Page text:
I first learned of critical race theory during my first year in seminary. Bored with all the white, theology books that’d been assigned in my classes, I decided to read Brian Bantum’s Redeeming Mulatto: A Theology of Race and Christianity Hybridity, a book I’d learned about through theologian Jonathan Tran’s essay, “The New Black Theology: Retrieving Ancient Sources to Challenge Racism.” Bantum’s book resonated with me; in it, he argues that in the same way biracial people often hold two identities at once, Christ also held the two identities of God and man. “Christ’s existence is the mulattic assertion of utter difference inhered within one person,” writes Bantum. “In Christ this inherence, this hybridity, is not tragic, but rather the tragic is overcome.”
In the years since my supplemental seminary reading, CRT has attracted the ire of conservatives, who critique the theory as anti-white and anti-American. But while many Republican legislators are trying to ban the teaching of CRT in public schools, when asked to actually define CRT, they struggle to give even the broadest definition.
Admittedly, defining a theory is hard. Developed in the 1970s and 1980s by legal scholars, CRT attempts to provide an account for why racial inequalities continue to persist even after civil rights legislation was passed in the ’60s. Through the work of scholars like Derrick Bell, Richard Delgado, and Kimberlé Crenshaw, critical race studies exposed how institutional racism is a central feature of the American experiment.
But not everything that critiques racism or thinks critically about racialization is critical race theory. And for those who are just beginning to think critically about racial identity, the creation of whiteness, and how race interacts with our faith and theology, the list below offers some helpful places to start. Some of the authors listed below, like Willie James Jennings and Brian Bantum, engage directly with the work of CRT; others, like Pamela Lightsey, are more focused on related ideas, like intersectionality. All are bound to make you consider the complexities of categorizing people by their race and how the consequences of those categorizations continue to manifest themselves in politics, media, health care, education, economics, and our churches.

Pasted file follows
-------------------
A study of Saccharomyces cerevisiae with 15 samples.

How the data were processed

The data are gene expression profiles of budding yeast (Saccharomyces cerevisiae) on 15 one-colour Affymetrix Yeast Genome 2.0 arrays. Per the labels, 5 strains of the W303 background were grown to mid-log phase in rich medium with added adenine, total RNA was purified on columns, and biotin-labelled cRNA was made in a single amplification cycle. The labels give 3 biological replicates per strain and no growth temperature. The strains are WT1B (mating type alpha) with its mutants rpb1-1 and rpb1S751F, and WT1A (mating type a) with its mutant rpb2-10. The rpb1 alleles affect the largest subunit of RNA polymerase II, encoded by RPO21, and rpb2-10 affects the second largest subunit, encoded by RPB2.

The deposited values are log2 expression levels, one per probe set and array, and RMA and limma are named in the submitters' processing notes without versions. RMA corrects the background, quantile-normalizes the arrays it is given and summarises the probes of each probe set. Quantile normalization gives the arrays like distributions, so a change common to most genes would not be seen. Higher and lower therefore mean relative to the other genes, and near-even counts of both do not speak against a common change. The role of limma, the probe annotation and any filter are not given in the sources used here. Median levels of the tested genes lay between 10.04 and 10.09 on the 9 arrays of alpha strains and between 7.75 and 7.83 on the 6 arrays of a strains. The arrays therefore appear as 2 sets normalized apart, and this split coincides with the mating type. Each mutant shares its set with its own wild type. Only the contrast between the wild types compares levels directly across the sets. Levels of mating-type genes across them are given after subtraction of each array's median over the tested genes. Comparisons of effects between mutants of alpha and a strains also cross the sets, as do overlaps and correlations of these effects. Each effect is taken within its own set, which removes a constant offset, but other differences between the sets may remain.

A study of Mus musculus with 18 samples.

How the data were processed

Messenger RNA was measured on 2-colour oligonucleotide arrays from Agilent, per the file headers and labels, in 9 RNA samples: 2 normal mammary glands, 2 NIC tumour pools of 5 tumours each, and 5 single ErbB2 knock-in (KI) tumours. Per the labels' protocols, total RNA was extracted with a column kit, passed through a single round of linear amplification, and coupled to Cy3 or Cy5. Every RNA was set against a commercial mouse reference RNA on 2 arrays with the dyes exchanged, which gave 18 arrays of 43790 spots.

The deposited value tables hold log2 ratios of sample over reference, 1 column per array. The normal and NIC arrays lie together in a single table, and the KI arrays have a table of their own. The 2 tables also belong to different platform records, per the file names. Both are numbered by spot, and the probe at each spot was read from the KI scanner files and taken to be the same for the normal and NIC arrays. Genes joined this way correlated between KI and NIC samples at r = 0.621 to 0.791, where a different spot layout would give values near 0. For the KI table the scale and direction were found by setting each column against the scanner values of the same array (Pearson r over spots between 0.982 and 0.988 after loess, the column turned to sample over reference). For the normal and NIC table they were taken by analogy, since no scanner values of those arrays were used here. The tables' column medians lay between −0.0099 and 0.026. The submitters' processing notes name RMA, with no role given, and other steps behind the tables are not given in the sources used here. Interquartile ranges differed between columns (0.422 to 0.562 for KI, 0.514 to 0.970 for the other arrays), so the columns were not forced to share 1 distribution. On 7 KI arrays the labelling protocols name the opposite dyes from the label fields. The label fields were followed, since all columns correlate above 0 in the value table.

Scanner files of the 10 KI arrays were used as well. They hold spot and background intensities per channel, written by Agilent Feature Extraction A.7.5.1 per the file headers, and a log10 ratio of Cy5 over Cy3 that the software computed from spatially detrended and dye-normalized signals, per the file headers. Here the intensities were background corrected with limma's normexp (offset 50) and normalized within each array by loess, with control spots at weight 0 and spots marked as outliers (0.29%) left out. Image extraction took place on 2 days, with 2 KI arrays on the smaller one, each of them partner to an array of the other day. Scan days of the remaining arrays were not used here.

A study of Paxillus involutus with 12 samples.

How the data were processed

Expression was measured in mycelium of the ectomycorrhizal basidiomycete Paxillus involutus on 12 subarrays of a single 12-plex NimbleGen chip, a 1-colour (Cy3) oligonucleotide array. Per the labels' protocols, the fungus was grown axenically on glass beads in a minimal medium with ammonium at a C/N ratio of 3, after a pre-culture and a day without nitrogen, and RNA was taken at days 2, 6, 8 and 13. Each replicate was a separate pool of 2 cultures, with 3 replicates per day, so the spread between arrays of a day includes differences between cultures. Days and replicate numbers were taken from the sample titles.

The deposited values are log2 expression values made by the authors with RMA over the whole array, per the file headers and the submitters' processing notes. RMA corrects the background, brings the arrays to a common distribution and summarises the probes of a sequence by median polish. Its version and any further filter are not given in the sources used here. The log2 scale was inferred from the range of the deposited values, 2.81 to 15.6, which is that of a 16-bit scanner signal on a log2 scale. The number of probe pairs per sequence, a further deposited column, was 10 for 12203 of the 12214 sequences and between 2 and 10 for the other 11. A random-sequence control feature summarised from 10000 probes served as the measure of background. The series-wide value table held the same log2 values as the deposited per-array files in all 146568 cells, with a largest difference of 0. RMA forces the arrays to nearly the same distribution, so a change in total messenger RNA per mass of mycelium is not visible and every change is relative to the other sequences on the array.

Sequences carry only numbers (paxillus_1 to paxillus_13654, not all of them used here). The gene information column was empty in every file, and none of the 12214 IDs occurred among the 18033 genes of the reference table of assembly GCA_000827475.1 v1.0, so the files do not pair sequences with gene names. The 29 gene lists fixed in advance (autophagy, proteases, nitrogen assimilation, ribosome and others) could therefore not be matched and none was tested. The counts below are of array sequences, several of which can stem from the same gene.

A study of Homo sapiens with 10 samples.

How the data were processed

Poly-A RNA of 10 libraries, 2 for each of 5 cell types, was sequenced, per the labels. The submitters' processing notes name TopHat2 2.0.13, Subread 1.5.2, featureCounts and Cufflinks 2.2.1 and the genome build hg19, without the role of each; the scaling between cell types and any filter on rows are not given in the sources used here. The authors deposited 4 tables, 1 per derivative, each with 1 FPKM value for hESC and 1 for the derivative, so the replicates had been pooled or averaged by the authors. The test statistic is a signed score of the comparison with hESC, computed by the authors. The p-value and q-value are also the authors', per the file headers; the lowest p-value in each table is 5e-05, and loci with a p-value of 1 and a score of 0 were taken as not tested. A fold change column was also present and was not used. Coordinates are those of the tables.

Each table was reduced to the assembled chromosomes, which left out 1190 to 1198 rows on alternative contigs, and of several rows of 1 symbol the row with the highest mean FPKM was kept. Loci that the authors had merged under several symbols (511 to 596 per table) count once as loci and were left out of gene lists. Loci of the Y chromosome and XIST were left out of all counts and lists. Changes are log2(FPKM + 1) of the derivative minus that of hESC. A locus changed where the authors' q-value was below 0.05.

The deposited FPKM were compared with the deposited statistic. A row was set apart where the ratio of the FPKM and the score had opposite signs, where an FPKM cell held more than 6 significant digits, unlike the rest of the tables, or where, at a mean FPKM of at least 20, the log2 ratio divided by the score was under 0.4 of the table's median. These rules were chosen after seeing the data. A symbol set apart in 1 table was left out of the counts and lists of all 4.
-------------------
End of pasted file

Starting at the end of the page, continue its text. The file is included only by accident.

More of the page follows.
If all this sounds complicated and abstract, I’d agree. But simple answers to the complex questions of how we form a more just society will not be sufficient in imagining new ways for humans to live into God’s beloved community. So, get to reading!
1. Race: A Theological Account. By J. Kameron Carter (Oxford University Press, 2008).
“Race: A Theological Account is an initial installment in filling this significant lacuna in modern knowledge about how the discourse of theology aided and abetted the process by which ‘man’ came to be viewed as a modern, racial being,” writes Carter in the prologue.
2. The Christian Imagination: Theology and the Origins of Race. By Willie James Jennings (Yale University Press, 2011).
“Indeed, it is as though Christianity, wherever it went in the modern colonies, inverted its sense of hospitality,” writes Jennings. “It claimed to be the host, the owner of the spaces it entered, and demanded native peoples enter its cultural logics, its ways of being in the world, and its conceptualities.”
3. Redeeming Mulatto: A Theology of Race and Christian Hybridity. By Brian Bantum (Baylor University Press, 2016).
“The interracial or mulatto/a body is the site that unveils race as a tragic illusion,” writes Bantum. “The tragic, so often accounted to mulatto/a peoples as a bodily inferiority or a profound loneliness, is instead seen as the necessity of negotiation within multiple worlds that refuse them or which they themselves refuse.”
4. Enfleshing Freedom: Body, Race, and Being. By M. Shawn Copeland (Fortress Press, 2009).
“Since the radical and expedient subjugation of a people to demonized difference in the fifteenth century, all human bodies have been caught up in a near totalizing web of body commerce, body exchange, body value,” writes Copeland in the introduction. “Taking the black woman’s body as the starting point for theological anthropology allows us to interrogate the impact of that demonization in history, religion, culture, and society.”
5. Stand Your Ground: Black Bodies and the Justice of God. By Kelly Brown Douglas (Orbis, 2015).
“Stand Your Ground law signals a social-cultural climate that makes the destruction and death of black bodies inevitable and even permissible,” writes Douglas in the introduction. “It is this very climate that also sustains the Prison Industrial Complex, which thrives on black male bodies. Most disturbing, this stand-your-ground climate seems only to have intensified as it continues to take young black lives such as those of Renisha McBride, Jonathan Ferrell, and Jordan Davis.”
6. Our Lives Matter: A Womanist Queer Theology. By Pamela R. Lightsey (Pickwick Publications, 2015).
“Not unique to womanist scholarship is this work’s intersectional analysis that explores the impact of race, gender, class, gender identity, and sexual orientation on the theological understandings of LBTQ Black women,” writes Ligthsey in the introduction.